UCL Great Ormond Street Institute of Child Health


Great Ormond Street Institute of Child Health


Early determinants and long-term outcomes of stress-related hospital presentations in adolescents in

Supervisors: Professor Ruth Gilbert, Dr Ruth Blackburn, Professor Astrud Guttmann (University of Toronto)

Early determinants and long-term outcomes of stress-related hospital presentations in adolescents in England and Ontario


Physical, emotional and behavioural manifestations of stress may signal underlying mental health problems in some adolescents. This includes symptoms of pain, such as abdominal pain or headache that are medically unexplained, often in occurrence with other stress presentations including cardiovascular or gastrointestinal symptoms.(Kelly et al., 2010; Thomson et al., 2014) These stress presentations are common and may lead to significant functional and emotional impairments.(Malas et al., 2017) There is evidence of important health inequalities in these presentations, with greater risk among those living in more deprived households, who have experienced family conflict and parental mental illness.(Thomson et al., 2014) Despite the burden of stress symptoms, they are understudied. Factors related to treatment outcomes are particularly poorly understood and there is a need for further research in this area.(Malas et al., 2017).

Largescale administrative data capture health service indicators of stress-presentations that are longitudinal, system-wide and not constrained by medical speciality. Such data are available for England and Ontario, which have comparable healthcare systems and face similar challenges for adolescent mental health care provision. The supervisory team has developed methods for examining stress-related hospital admissions for all adolescents (Gill et al. 2017). Findings for England indicated that 1 in 13 girls and 1 in 25 boys were admitted to hospital with a stress presentation between the ages of 11 and 17 years.(Blackburn et al., 2021)


This research aims to identify early determinants and long-term outcomes of children and young people who attend hospital stress-related presentations in England and Ontario to inform clinical and public health interventions.

1) Identify early determinants of stress for children and young people who later attend hospital with a stress-related presentation
2) Investigate healthcare pathways for adolescents with stress presentations, including the transition into adult healthcare services.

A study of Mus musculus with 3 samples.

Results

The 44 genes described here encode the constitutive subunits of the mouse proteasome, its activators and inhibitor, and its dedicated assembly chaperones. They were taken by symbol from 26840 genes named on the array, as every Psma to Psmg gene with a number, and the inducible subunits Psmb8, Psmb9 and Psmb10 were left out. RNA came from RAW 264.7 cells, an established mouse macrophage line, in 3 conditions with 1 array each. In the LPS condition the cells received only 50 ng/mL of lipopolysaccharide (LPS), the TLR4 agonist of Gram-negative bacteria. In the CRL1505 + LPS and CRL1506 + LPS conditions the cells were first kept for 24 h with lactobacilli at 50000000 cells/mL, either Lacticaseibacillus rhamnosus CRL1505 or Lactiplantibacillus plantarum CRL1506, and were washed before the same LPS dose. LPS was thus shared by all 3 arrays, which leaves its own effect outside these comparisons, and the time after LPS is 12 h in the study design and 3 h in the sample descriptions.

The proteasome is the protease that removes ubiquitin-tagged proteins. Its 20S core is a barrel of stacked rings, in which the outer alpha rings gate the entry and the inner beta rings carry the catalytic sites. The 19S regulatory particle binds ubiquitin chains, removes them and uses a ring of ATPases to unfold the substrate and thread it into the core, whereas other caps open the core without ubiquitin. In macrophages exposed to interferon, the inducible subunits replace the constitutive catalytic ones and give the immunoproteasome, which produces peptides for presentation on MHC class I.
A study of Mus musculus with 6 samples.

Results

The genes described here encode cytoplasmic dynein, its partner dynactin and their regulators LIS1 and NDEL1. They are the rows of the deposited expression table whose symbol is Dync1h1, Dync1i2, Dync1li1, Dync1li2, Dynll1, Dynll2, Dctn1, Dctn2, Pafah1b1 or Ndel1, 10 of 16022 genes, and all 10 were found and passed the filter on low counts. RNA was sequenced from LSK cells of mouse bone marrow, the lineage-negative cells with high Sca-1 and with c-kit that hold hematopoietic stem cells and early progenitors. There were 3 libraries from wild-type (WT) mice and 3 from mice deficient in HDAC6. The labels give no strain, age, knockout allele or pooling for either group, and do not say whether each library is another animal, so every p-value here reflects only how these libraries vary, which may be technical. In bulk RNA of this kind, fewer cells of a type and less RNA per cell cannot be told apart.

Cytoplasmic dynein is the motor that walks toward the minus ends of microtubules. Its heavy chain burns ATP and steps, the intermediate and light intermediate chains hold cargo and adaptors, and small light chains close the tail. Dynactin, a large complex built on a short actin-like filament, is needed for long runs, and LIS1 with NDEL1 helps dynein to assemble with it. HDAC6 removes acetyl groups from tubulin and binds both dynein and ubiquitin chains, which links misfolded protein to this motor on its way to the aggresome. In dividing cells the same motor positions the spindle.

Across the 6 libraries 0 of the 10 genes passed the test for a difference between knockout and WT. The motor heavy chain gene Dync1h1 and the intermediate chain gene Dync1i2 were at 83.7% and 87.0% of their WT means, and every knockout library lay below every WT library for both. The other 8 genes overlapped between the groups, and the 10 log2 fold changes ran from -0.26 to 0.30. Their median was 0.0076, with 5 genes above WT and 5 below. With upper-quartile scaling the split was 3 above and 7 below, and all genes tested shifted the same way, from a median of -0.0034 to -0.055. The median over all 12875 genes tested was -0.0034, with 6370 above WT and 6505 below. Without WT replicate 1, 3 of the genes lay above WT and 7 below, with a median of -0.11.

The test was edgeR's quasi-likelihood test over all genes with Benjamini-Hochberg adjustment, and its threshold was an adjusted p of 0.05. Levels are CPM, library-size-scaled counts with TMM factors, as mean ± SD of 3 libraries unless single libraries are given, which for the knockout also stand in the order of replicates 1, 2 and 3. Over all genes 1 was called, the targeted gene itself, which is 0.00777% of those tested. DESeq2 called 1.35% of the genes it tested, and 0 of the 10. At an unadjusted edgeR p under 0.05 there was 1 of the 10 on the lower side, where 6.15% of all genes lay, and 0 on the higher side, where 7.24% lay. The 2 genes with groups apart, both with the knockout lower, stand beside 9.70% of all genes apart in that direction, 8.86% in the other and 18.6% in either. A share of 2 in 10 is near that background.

3) Quantify long term outcomes (to 25th birthday) following hospital admission with a stress-related presentation examining patterns of; hospital readmission, repeated A&E contacts, mortality and contact with specialist mental health services
4) Evaluate where structural and contextual differences between England and Ontario may drive differences in the determinants and outcomes that may be mitigated by policy change


Epidemiological analysis of longitudinal hospital data with coverage of all England and all Ontario to examine early determinants and outcomes of stress related presentations in adolescents. This work builds on existing collaborations between the supervisory team in UCL and Ontario, including expertise in the use of administrative data for health services research and international comparison, and code for identifying stress phenotypes.

Collaboration with University of Toronto:

The PhD student will undertake a 6 month placement at Out/ICES in Year 2 of the PhD under the supervision of Astrid Guttmann, who will support the student to integrate into the Institute. During the placement the student will analyse Ontario data to mirror and extend the English studies undertaken in Year 1 of the PhD.

Blackburn, R., Ajetunmobi, O., Mc Grath-Lone, L., Hardelid, P., Shafran, R., Gilbert, R., & Wijlaars, L. (2021). Hospital admissions for stress-related presentations among school-aged adolescents during term time versus holidays in England: weekly time series and retrospective cross-sectional analysis. BJPsych Open, 7(6).
Gill, P. J., Saunders, N., Gandhi, S., Gonzalez, A., Kurdyak, P., Vigod, S., & Guttmann, A. (2017). Emergency Department as a First Contact for Mental Health Problems in Children and Youth. Journal of the American Academy of Child and Adolescent Psychiatry, 56(6), 475–482.e4.
Kelly, C., Molcho, M., Doyle, P., & Gabhainn, S. N. (2010). Psychosomatic symptoms among schoolchildren. International Journal of Adolescent Medicine and Health, 22(2).
Malas, N., Ortiz-Aguayo, R., Giles, L., & Ibeziako, P. (2017). Pediatric Somatic Symptom Disorders. Current Psychiatry Reports (Vol. 19, Issue 2).
Thomson, K., Randall, E., Ibeziako, P., & Bujoreanu, I. S. (2014). Somatoform Disorders and Trauma in Medically-Admitted Children, Adolescents, and Young Adults: Prevalence Rates and Psychosocial Characteristics. Psychosomatics.